Watch the Pontiac Aztek Mutate From Ugly SUV Into Shooting Brake Sports Car

Oddball. That’s arguably the best word to describe the Aztek, a commercial flop so bad that it hurried Pontiac’s canning in the aftermath of the 2007 – 2008 financial crisis.
Pontiac Aztek sports car design study by The Sketch Monkey 6 photos
Photo: The Sketch Monkey on YouTube
Pontiac AztekPontiac AztekPontiac AztekPontiac AztekPontiac Aztek
Twinned with the Buick Rendezvous, the mid-size crossover has been refashioned into a much cooler-looking vehicle with the help of a photo editing program. Marouane Bembli – a.k.a. The Sketch Monkey – rendered the shooting brake sports car with low-profile rubber boots wrapped around massive wheels. The brake calipers are of BMW M origin.

Sitting much closer to the ground than the real deal, the rendering also features two rather than four doors. Or make that three rather than five doors if we include the split-opening liftgate. Marouane has also worked his magic on the roofline, both up front and in the rear, for a rakish profile.

The Sketch Monkey further deleted the door handles for a much cleaner look, although the rear fenders are somewhat busy. The front and rear bumper have been appropriately modified to suit the shooting brake aesthetic, and the side windows feature black window tint that perfectly complements the bodywork color. The side windows have also been modified, whereas the fuel filler cap is no more. Poof, like magic!

Extremely polarizing design when it came out, and even more so nowadays, the Aztek was designed under the direction of a gentleman by the name of Tom Peters. The idea was to mix Camaro and Blazer styling attributes into something called Bear Claw. That didn’t happen because of the suits at GM, who preferred a minivan-based crossover.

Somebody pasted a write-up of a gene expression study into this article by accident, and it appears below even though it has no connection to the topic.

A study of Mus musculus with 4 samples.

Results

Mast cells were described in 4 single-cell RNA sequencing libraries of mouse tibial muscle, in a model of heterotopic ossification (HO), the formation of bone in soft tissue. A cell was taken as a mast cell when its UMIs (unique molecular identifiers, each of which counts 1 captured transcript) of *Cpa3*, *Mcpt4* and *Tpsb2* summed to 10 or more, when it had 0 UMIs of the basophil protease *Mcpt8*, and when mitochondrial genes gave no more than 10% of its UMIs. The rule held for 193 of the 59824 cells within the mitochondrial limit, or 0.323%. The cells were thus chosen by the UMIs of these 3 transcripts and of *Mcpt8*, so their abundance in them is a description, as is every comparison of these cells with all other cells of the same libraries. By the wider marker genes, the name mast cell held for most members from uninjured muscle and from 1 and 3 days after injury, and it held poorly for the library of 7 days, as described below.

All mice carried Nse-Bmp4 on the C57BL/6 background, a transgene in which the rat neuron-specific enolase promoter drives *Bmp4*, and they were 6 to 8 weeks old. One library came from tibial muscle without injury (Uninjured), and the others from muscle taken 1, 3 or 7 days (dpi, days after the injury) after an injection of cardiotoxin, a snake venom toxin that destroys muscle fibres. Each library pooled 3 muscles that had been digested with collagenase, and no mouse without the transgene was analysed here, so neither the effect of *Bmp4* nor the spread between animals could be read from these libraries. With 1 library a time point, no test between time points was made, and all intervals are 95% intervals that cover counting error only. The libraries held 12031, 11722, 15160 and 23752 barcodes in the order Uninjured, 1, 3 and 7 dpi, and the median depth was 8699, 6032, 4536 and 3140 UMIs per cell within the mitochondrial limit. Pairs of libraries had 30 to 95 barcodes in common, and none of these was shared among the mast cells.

What minivan? Well, does U body ring a bell? At the end of the day, Tom Peters didn’t get what he wanted. But fortunately for him, GM didn’t interfere too much in the design process of the seventh-generation Corvette. Peters served as design director during that era, but Hwasup Lee served as the lead designer of the last front-engine ‘Vette.

Described as a sport recreational vehicle rather than a sport utility vehicle, the Aztek had a lot of interesting things going for it. The outswing doors to the rear stereo controls, removable cooler, and sliding cargo floor spring to mind.

Offered with front- and all-wheel drive, the Aztek rocks a rather lethargic V6 under its hood. Codenamed LA1, the 3.4-liter mill produces 185 horsepower. Combined with a four-speed automatic referred to as 4T65-E, it propelled the visually-challenged crossover to 60 miles per hour (make that 97 kilometers per hour) in an estimated 9.2 seconds.

Have a wild guess how many units were sold in the first full calendar year on sale. 100,000? Maybe 50,000? The answer is 27,322 units in the United States, which is pitiful in every respect. Pontiac stood behind its creation unfazed, but the brand’s steadfastness simply wasn’t enough to save it.

Founded in 1926, Pontiac had to be scrapped in 2010. As part of the Chapter 11 reorganization, the biggest automaker of the Big Three in Detroit also had to can Hummer, Saturn, and Saab. The Hummer, however, was revived as a sub-brand of GMC specialized in all-electric trucks and SUVs.